Why It’s Worth Learning the R Language


R is open-source and multi-platform (for Windows, Mac and Linux) and comes as a small download (just 62 MB for the Windows installer). R is not only a programming language, but also an IDE. It can handle data, and has a REPL that lets you run programs and perform calculations.

R releases, like Ubuntu ones, come with a name. The current release, 3.2.3, is “Wooden Christmas-Tree,” and came out about nine months after 3.1.3 (a.k.a. “Smooth Sidewalk”).

The language’s extensibility through packages is one thing that makes it great. These packages are written in R (though Java, C, C++ and Fortran can also be used), and obtained from CRAN (Comprehensive R Archive Network). CRAN lists 7,871 packages currently, with over 40 available just for Bayesian methods alone.

An important link on CRAN is Task View, which shows packages categorized by purpose. This gives a good feel for the range of tasks that R is suited for, and even includes High Performance Computing.

RStudio and Other IDEs

A decent IDE makes all the difference; with R, the default is a little basic. Microsoft has taken a big interest in R, and a plugin for Visual Studio will be forthcoming. There’s an open-source IDE named RStudio, also available with a commercial licence and support. I liked RStudio, which features four windows, tear-away editing (handy with second monitors), and support for SVN and/or Git; it’s pretty full-featured, reminding me of Eclipse but much snappier.

RStudio also provides an open-source server for making use of more powerful computing resources. Check out the free cheatsheets.

Given R’s background, which is originally Unix/Linux, you can also use Vim with Tmux or the cross-platform, open-source RKWard as well as Eclipse. JetBrains doesn’t yet have an R IDE, but it must be only a matter of time.

If you have another IDE installed, you may have a conflict of locations and need to update the R_LIBS_USER environment variable. I had to do so; this StackOverflow question addresses that very concern. If you do an update.packages() to bring packages up to the latest on Windows, and it fails because it can’t write to the Program Files path, you may have to close the IDE down and rerun it as administrator.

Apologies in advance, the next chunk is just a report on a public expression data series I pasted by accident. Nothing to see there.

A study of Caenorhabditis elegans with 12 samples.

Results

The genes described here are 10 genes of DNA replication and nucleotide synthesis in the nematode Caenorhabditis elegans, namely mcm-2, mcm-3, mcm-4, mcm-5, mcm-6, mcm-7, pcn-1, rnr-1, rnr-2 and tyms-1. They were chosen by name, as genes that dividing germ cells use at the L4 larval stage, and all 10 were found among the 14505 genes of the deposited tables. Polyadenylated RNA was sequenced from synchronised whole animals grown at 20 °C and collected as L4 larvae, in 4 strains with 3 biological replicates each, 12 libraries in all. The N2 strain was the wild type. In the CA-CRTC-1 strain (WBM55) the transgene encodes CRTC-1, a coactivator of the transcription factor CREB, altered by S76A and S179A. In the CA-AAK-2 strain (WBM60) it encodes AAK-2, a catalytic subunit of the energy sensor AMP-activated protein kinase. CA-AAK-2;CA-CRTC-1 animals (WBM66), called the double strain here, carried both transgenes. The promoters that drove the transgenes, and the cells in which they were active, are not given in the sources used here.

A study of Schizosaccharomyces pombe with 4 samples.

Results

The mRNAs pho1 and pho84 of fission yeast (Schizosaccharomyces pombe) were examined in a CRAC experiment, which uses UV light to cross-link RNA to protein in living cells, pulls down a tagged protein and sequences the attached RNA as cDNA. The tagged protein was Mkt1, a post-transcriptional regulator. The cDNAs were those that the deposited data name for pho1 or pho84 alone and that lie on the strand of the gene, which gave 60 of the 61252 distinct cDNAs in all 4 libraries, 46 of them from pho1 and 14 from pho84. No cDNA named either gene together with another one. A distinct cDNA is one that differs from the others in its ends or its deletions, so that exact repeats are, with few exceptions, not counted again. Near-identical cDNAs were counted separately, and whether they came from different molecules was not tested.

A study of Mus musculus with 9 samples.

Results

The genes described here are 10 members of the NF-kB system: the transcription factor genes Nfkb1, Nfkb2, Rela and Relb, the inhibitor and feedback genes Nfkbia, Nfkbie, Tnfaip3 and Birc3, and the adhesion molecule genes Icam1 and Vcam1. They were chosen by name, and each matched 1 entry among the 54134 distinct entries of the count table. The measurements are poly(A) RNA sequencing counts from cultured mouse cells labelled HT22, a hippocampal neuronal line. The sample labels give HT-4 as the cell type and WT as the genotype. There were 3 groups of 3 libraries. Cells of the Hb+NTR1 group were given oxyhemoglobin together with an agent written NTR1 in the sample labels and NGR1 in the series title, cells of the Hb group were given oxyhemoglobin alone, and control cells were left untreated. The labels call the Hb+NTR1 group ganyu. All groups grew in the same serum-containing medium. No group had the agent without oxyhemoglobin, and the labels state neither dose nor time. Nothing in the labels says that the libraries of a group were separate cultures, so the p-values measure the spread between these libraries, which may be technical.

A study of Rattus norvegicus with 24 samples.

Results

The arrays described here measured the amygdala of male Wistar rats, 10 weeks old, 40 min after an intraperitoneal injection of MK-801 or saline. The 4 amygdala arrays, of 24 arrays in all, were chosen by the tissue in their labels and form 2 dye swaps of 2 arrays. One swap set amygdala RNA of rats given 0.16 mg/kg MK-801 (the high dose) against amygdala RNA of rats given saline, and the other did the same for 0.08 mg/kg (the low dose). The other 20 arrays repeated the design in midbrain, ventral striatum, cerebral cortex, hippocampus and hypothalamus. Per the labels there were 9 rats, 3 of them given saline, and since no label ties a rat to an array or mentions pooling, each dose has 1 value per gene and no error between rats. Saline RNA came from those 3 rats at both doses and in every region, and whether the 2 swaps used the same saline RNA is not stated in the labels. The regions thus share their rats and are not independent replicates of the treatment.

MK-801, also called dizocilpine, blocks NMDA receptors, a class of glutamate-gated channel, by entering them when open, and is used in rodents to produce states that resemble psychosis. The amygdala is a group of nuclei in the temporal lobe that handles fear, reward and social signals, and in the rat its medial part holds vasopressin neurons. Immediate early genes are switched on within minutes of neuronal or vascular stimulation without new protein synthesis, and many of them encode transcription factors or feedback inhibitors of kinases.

R the Programming Language

R may be a little idiosyncratic compared to normal programming languages, but given its relatively narrow use-case, perhaps that’s understandable. Assignments use the <- symbol as in:

f <- c(1,1,2,3,5,8)

That populates the first 6 numbers in the Fibonacci sequence into the vector f. The “c” is a built-in function to create a vector from a list of data items. There are no individual (i.e. scalar) variables, though you could have a single vector value. In addition to vectors, which have all the same type for all elements, there are lists where every element can be a different type.

How Do I use R?

The easiest way is via REPL: You can do simple arithmetic, fetch any package, navigate through the filesystem, run R files and so on. Create R scripts in a .R file and you can load and run them.

To show an example of how easy it is to plot graphs, check out this example from this R visualization guide. I pasted it into the R console. The guide neglects to mention the first step, which is installing the package; just do install.packages(packagename). The library he used is RColorBrewer:

install.packages('RColorBrewer')

Here’s the code that powers the example:

data(VADeaths)

par(mfrow=c(2,3))

hist(VADeaths,breaks=10, col=brewer.pal(3,"Set3"),main="Set3 3 colors")

hist(VADeaths,breaks=3 ,col=brewer.pal(3,"Set2"),main="Set2 3 colors")

hist(VADeaths,breaks=7, col=brewer.pal(3,"Set1"),main="Set1 3 colors")

hist(VADeaths,,breaks= 2, col=brewer.pal(8,"Set3"),main="Set3 8 colors")

hist(VADeaths,col=brewer.pal(8,"Greys"),main="Greys 8 colors")

hist(VADeaths,col=brewer.pal(8,"Greens"),main="Greens 8 colors")

VADeaths is one of the built-in data sets that comes with R. It’s the death rates in Virginia circa 1940. To see the other built-in data sets, type in data() at the console. To select a set, use data(data set name), e.g. data(Seatbelts).

The par function (second line) is used to set or query graphical parameters. Here with the mfrow parameter, it’s used to draw the histograms in row order first; change it to mfcol to draw it in column order first.

The hist function plots a histogram. You can see the documentation for this by typing help(RColorBrewer), which opens a page in your web browser using its own locally-hosted website. It’s pretty decent documentation, as it shows what you need to call, the parameters, and examples you can try.

Conclusion

There’s a lot of usefulness to R, and I’ve probably only covered the tip of the iceberg here. The platform is an example of open source at its best, but it has something of a learning curve. If you’re starting out with R, I recommend the Cookbook for R as a nice, easy start.

Image Credit: autsawin uttisin/Shutterstock.com

Comments

One Response to “Why It’s Worth Learning the R Language”

April 05, 2017 at 7:06 pm, Gaurav Jain said:

I couldn’t agree more, R is indeed a great language for data science.
I found this tool for R visualizations its pretty cool.